The Doctor's Dilemma
Lyttleton Theatre, London
Saturday 18th August 2012
Shaw's 1906 exploration of the attitude and power of the medical profession is as pertinent today as it would have been on it's debut. Then, the concept of a National Health Service, where Doctor's were paid by the state no matter who they treat, was a new and revolutionary one. However, the dilemma that is now commonly known as a "postcode lottery", where certain treatments remain so costly that while some can have them others cannot, is likely to always remain a moral dilemma - who should get to decide which patient can live and which should die?
The plot is thought-provoking; should the newly knighted Sir Colenso Ridgeon's (Aden Gillett) revolutionary cure for consumption be used to save a supremely gifted but unlikeable artist, or an unremarkable but good-hearted doctor friend. A decision made more complex by the intervention of the artist's loving wife Jennifer Dubedat (Genevieve O'Reilly), with whom Sir Colenso has fallen in love.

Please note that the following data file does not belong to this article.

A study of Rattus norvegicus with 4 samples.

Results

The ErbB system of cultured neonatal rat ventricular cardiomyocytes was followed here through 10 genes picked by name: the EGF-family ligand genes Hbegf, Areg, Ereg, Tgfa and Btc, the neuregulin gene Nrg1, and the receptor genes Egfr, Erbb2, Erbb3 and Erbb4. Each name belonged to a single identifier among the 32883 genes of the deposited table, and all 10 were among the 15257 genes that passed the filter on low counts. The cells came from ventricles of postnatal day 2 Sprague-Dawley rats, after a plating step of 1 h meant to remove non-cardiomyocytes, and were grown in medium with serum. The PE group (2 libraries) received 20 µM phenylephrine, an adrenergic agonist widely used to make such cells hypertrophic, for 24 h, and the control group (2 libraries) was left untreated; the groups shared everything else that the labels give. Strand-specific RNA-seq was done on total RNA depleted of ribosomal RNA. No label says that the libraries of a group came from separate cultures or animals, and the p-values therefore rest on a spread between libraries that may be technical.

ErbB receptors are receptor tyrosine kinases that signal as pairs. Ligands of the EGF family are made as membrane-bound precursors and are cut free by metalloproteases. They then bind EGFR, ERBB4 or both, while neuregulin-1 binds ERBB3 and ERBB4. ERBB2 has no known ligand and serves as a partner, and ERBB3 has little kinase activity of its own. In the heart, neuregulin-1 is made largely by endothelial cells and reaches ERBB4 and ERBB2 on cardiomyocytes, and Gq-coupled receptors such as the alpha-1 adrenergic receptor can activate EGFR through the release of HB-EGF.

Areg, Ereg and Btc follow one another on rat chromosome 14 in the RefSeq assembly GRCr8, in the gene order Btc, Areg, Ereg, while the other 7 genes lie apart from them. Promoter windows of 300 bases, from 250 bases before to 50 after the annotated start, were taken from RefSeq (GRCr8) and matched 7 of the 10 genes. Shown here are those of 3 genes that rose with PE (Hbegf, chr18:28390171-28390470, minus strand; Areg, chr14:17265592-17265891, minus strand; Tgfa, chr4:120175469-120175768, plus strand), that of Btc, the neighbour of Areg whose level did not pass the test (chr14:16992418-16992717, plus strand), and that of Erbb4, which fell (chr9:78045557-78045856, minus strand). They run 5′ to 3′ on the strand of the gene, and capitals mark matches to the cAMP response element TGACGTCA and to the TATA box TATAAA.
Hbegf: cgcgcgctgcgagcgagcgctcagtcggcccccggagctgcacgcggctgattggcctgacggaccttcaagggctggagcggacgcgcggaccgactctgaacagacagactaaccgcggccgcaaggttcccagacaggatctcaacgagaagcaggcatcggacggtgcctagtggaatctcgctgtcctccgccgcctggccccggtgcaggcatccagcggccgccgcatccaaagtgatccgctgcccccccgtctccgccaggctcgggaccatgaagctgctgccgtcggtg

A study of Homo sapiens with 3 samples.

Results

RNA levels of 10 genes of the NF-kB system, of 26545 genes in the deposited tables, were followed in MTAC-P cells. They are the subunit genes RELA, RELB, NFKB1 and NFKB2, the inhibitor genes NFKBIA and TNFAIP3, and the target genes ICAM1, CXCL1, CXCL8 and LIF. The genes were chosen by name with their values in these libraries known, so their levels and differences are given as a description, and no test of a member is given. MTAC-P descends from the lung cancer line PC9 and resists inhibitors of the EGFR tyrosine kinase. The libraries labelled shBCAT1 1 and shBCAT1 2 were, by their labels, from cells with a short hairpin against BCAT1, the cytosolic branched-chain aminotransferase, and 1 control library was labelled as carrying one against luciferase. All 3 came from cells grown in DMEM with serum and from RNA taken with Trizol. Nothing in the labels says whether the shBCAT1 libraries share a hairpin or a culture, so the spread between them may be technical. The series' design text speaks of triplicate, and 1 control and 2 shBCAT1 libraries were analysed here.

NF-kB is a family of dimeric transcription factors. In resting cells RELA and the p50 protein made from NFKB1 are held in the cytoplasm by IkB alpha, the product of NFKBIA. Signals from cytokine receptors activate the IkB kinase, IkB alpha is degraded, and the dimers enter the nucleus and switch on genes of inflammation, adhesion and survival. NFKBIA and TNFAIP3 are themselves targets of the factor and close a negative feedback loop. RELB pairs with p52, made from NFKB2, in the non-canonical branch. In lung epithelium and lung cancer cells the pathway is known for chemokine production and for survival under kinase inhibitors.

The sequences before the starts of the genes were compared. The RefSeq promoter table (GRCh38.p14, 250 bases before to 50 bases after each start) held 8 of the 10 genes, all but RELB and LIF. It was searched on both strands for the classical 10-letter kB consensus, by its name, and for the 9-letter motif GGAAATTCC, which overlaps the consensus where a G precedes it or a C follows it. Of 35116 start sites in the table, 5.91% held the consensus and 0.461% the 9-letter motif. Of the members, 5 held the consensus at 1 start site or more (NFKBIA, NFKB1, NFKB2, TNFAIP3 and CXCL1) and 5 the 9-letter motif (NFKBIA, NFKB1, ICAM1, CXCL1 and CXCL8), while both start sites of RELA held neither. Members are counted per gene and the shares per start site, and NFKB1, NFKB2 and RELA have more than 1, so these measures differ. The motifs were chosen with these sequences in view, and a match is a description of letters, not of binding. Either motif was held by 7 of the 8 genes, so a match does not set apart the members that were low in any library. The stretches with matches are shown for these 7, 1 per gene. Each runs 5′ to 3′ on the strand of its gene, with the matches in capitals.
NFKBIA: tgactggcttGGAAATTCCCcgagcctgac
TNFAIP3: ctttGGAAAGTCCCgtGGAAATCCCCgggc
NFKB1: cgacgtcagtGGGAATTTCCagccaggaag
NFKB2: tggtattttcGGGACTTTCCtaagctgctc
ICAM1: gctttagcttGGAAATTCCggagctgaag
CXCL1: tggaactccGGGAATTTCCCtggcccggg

Nadia Fall's direction of this new production brings out all of the humour in the handful of eccentric medics, each with their different pet treatment or technique. Worringly powerful men, with varying levels of respect for the medical treatments they prescribe, but always an unyeilding belief that they are doing the right thing. Particularly witty performances from Robert Portal as surgeon Walpole, and Malcolm Sinclair as Sir Ralph Bloomfield Bonington lighten the piece away from a dark morality play into a satirical black comedy.
Plenty of drama amongst the laughs too however, with an earnest performance from Genevieve O'Reilly as the loyal wife who fights so hard for her husband's cure. Less easy to warm to is the sincere Sir Colenso - the doctor with the moral decision on his hands, he retains a clinically cool professionalism for a man whose decisions are later so easily swayed by his emotions.
A mixed production that seemed to win the audience over with dark satirical comedy rather than moral philosophy, but some fine performances and a grand set made for a lavish evening's entertainment.